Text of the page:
I’ve just finished watching the latest instalment of this series presented by Dan Snow, and I found this episode very much to my liking. It had perhaps far too much of Snow sailing – he’s doing it for fun, whereas the men he’s talking about worked bloody hard day upon day for years. And I’m not sure watching him try his hand at being a working man by making a nail added to the programme. But the subject matter is top notch, and there has clearly been some first class research gone on behind the scenes.
Snow charts the period from 1690 to 1759 and reveals how England – soon to be Britain – and her Navy rose from the depths of military and economic disaster to achieve global supremacy. In 1690, France was a significant seapower and the Royal Navy relatively weak. William III had taken England into a disastrous war against the most powerful country in Europe. If England was to survive, it needed a new Navy, one capable of carrying the fight to its enemies anywhere in the world. I do feel perhaps that the programme overstates the extent to which England was weak in 1690 – after all, hadn’t the previous programme made the argument that British Sea Power began with the defeat of the Armada? if so, how did it decline between then and 1690?
To achieve this naval transformation required a national effort unlike anything that had been seen before. A determination to achieve mastery of the seas unleashed a chain reaction of revolutions in finance, industry and agriculture which reshaped the landscape and created the country’s first great credit boom. Years before the Industrial Revolution, the Royal Navy became the engine of global change, propelling Britain into the modern world. Could it be that the Royal Navy acted as a pump-primer for the Industrial Revolution? And not only did the Navy develop into a fighting force, but also one that combated piracy, and launched a number of amphibious operations.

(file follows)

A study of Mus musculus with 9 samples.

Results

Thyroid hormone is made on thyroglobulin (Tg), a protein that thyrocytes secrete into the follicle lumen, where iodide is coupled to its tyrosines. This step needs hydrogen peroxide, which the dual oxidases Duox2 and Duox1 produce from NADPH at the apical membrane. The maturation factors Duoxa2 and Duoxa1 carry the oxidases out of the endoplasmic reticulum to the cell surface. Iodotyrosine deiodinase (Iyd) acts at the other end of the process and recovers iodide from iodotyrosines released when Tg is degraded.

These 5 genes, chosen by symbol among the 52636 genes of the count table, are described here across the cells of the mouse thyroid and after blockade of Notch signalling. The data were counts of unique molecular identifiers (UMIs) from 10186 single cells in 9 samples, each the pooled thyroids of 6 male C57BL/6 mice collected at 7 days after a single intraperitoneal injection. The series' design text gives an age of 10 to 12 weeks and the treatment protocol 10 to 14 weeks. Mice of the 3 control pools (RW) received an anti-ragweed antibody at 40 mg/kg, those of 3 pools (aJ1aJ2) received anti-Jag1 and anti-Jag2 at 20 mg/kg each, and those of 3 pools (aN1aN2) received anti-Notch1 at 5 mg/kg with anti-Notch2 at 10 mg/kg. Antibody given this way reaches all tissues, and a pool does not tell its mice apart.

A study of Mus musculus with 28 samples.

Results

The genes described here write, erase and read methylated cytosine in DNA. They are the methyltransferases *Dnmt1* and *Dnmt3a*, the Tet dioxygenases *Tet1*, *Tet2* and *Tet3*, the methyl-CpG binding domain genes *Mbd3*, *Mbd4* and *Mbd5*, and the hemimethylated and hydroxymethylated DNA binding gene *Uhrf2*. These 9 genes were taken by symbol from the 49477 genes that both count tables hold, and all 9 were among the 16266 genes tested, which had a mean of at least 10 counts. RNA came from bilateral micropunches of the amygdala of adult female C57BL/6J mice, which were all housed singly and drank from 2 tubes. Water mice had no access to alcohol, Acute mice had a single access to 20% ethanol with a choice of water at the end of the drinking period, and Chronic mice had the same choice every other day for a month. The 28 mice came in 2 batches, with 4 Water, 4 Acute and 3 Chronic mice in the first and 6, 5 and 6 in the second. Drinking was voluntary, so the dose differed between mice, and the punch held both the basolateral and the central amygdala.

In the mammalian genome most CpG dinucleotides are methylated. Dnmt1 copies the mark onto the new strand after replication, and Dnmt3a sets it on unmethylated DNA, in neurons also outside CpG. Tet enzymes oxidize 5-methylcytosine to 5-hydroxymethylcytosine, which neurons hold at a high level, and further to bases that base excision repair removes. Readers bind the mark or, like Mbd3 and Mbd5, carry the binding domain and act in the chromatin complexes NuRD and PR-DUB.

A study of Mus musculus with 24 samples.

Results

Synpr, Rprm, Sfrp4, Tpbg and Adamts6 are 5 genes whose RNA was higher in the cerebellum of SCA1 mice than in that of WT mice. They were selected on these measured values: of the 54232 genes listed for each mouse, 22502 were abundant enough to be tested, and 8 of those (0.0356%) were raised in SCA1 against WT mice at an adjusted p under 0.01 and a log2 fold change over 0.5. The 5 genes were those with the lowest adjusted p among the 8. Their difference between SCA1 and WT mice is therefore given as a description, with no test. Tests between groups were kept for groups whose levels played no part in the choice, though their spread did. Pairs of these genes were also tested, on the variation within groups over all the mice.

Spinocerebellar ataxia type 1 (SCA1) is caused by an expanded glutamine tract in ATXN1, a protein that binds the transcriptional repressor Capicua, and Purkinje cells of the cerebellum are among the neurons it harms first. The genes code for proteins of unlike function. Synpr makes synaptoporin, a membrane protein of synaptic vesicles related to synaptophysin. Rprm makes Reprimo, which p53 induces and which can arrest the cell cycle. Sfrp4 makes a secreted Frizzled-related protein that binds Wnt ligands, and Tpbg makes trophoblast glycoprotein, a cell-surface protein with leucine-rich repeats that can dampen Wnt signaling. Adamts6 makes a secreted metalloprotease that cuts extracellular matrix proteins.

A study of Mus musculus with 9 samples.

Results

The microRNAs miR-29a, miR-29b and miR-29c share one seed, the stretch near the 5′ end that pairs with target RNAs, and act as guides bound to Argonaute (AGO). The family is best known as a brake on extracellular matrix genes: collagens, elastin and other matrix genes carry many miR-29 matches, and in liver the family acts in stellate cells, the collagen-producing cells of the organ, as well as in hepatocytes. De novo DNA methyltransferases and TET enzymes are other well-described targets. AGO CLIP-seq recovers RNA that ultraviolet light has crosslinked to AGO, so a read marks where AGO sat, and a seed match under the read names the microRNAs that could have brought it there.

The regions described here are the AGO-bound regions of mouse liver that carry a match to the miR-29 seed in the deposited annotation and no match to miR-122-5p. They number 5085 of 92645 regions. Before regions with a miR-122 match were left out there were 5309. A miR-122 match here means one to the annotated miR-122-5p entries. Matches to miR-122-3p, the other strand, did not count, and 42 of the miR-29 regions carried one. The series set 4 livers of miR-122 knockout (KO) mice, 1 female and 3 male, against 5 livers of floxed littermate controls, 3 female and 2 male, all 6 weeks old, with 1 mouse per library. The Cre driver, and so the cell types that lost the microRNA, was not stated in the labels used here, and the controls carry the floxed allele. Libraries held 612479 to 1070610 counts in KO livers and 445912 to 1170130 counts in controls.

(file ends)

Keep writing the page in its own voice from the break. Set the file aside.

This transformation had incredible results at sea. By 1759, French forces around the world were capitulating to Britain’s superior Navy. the Royal Navy’s march, Heart of Oak, refers to 1759 as ‘this wonderful year’. For the first time in her history, Britannia really did rule the waves.
I would have liked to see more about the effect that this naval transformation had on Britain itself, aside from a token view of industrial North England. How about the Naval Dockyards? Where did all the food come from, the wood, the rope, sails? A whole supportive infrastructure grew up to support Naval expansion – the bristling Warships were but the sharp tip of a very long sword. If anyone wants to take an in-depth look at like in the Royal Navy during the mid 18th Century, ‘The Wooden World’ by NAM Rodger is a very good read.
This episode sets the scene very well for the pivotal wars with Revolutionary and Napoleonic France. In particular I hope that anyone watching this programme will have realised that Britain did have Naval heroes long before Nelson – Anson, Vernon, Hawke to name but three. And, in the words of Admiral Sir Andrew Cunningham, First Sea Lord during the Second World War:
‘it takes a day to win a battle, but hundreds of years to build a tradition’.